It’s a Southern thing.
It’s the style: grand and dramatic.
My husband’s family, who are from Brooklyn, yell at one another. It’s called “discussion.”
My family, however, had hissy fits. Explosive outbursts. Extreme overstatement. Stormy exits. They were not, thank God, frequent. They sort of lose their effect if overused.
The most likely pretext for these outbursts was usually some minor slight: going a little too far with teasing, praising someone else a bit too much, not showing enough appreciation for a gift.
I cannot remember many details of the hissy fits in my own family, mostly just the poses that were struck: chin up, lower lip out, arms folded.
More vivid are the memories of the stories of these volcanic eruptions from my mother’s family. Or, more specifically, my mother’s mother’s side of the family, the Floyds. The men took after the Moore side: reticent. There was an uncle who did leave without saying goodbye, and was not seen again for some years. But he did not leave in a huff. He simply hated good-byes. He said he was going down to the corner to buy some cigarettes. And then years later: “Howdy.”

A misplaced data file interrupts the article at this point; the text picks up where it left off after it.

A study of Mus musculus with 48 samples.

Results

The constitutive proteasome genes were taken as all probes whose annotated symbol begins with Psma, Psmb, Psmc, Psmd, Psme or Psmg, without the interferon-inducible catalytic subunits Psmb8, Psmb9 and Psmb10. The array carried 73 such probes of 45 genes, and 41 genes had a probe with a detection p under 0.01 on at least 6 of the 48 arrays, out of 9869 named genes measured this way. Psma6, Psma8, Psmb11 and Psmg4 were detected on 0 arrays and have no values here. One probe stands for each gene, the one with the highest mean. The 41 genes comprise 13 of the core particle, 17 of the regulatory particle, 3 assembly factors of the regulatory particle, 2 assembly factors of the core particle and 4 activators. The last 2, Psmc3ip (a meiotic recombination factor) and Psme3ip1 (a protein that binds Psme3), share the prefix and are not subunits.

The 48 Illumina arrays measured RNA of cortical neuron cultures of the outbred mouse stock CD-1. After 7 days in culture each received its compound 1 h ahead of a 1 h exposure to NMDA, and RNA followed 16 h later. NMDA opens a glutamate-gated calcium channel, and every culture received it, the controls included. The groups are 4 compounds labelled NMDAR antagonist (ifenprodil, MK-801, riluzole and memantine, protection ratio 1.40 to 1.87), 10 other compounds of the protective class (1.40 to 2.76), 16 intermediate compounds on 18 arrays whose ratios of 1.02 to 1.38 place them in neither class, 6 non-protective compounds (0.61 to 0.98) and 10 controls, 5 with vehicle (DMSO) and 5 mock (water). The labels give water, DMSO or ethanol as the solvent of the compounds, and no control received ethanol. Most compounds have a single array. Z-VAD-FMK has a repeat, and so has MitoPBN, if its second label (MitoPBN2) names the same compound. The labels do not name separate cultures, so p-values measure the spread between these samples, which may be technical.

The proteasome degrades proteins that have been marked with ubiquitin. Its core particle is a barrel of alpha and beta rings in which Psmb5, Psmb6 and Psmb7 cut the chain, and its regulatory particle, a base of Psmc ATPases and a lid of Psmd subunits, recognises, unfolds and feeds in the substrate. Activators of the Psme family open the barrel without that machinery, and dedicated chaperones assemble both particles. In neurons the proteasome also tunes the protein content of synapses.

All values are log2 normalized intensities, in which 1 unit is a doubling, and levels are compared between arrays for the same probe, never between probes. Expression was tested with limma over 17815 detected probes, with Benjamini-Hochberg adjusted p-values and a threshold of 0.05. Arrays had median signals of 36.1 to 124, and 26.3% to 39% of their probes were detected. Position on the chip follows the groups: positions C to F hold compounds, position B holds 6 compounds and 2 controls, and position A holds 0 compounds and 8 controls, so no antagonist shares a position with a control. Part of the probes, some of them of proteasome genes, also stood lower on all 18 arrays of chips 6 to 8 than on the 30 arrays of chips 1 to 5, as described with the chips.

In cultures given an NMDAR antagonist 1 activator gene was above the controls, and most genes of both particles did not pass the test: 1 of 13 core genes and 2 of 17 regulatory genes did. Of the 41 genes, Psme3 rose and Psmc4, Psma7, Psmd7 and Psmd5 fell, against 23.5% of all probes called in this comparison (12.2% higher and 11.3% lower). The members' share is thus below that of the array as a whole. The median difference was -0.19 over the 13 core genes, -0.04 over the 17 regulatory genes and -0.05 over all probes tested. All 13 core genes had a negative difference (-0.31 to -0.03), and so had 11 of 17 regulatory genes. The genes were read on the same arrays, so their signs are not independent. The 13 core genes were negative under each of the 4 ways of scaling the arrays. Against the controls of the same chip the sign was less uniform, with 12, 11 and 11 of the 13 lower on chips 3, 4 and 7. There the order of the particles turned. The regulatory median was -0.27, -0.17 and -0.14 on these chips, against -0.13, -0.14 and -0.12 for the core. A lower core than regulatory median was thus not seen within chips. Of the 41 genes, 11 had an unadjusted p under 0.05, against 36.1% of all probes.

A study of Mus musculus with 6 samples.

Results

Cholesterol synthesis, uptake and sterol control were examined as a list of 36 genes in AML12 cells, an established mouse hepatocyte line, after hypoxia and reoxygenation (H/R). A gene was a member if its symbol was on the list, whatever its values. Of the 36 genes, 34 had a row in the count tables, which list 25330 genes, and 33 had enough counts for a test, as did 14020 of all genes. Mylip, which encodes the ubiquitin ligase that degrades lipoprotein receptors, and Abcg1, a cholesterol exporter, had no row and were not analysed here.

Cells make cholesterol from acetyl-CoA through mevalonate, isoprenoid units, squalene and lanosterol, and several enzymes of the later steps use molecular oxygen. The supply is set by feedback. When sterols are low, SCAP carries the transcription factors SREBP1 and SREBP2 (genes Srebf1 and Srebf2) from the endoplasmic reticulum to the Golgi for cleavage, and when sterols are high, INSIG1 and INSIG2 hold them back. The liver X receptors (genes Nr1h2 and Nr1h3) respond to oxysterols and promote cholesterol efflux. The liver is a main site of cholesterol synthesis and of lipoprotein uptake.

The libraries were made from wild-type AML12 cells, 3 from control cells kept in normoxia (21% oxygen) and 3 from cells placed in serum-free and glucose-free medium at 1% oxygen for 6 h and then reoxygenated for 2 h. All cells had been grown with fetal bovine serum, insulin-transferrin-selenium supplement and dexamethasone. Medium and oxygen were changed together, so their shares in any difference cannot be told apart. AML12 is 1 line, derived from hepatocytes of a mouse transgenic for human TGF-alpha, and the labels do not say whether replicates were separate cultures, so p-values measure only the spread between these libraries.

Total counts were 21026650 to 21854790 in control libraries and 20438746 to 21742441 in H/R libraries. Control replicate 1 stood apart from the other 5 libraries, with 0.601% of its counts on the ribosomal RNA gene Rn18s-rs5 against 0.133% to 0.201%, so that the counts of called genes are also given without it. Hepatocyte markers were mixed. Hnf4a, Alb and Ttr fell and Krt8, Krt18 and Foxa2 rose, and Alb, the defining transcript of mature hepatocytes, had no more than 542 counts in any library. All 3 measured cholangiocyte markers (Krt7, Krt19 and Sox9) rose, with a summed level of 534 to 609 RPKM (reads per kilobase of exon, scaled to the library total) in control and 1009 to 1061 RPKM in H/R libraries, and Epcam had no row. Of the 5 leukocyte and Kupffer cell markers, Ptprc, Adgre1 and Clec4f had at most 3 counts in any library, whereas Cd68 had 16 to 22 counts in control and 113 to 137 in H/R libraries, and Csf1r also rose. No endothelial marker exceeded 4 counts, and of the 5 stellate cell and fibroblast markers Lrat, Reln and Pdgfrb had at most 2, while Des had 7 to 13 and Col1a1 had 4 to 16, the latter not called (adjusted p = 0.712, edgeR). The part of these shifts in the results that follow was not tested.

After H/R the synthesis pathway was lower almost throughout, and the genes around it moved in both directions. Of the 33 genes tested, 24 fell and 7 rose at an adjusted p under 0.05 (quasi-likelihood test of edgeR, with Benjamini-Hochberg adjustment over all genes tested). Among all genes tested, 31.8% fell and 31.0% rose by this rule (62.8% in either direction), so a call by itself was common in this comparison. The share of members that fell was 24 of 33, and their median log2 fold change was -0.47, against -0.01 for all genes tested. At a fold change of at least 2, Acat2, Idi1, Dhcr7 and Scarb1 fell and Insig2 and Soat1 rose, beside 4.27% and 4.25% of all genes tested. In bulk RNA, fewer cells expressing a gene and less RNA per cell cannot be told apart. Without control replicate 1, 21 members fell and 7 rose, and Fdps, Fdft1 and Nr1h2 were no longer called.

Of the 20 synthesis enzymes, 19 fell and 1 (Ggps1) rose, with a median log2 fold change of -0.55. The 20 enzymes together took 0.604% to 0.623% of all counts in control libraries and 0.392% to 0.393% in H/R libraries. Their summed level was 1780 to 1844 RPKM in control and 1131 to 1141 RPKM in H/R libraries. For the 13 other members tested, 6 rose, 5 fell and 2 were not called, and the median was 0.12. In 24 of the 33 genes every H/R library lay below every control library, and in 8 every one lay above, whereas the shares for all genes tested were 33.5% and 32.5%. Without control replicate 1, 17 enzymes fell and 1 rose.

But apparently the Floyds were masters of the tongue-lashing and high-pitched hysterics. Or that’s what I heard. I even heard that my Grandma Eula – my sweet little Grandma – could blister your ears when she let loose.
On my Dad’s side, it was the Brinlees who were the experts of the stormy stomp-off. My Uncle Bill told me the following story about my father:
“One summer when Varnell was 14 years old, he went into Bonham [Texas] to get his driver’s license, but they wouldn’t give it to him because he was too young. It made him so mad that he hitchhiked out of town and all the way to Washington state. He spent the whole summer there working in the wheat fields.”
I had never heard this story before, but it didn’t surprise me.
Couldn't have done it any better, myself.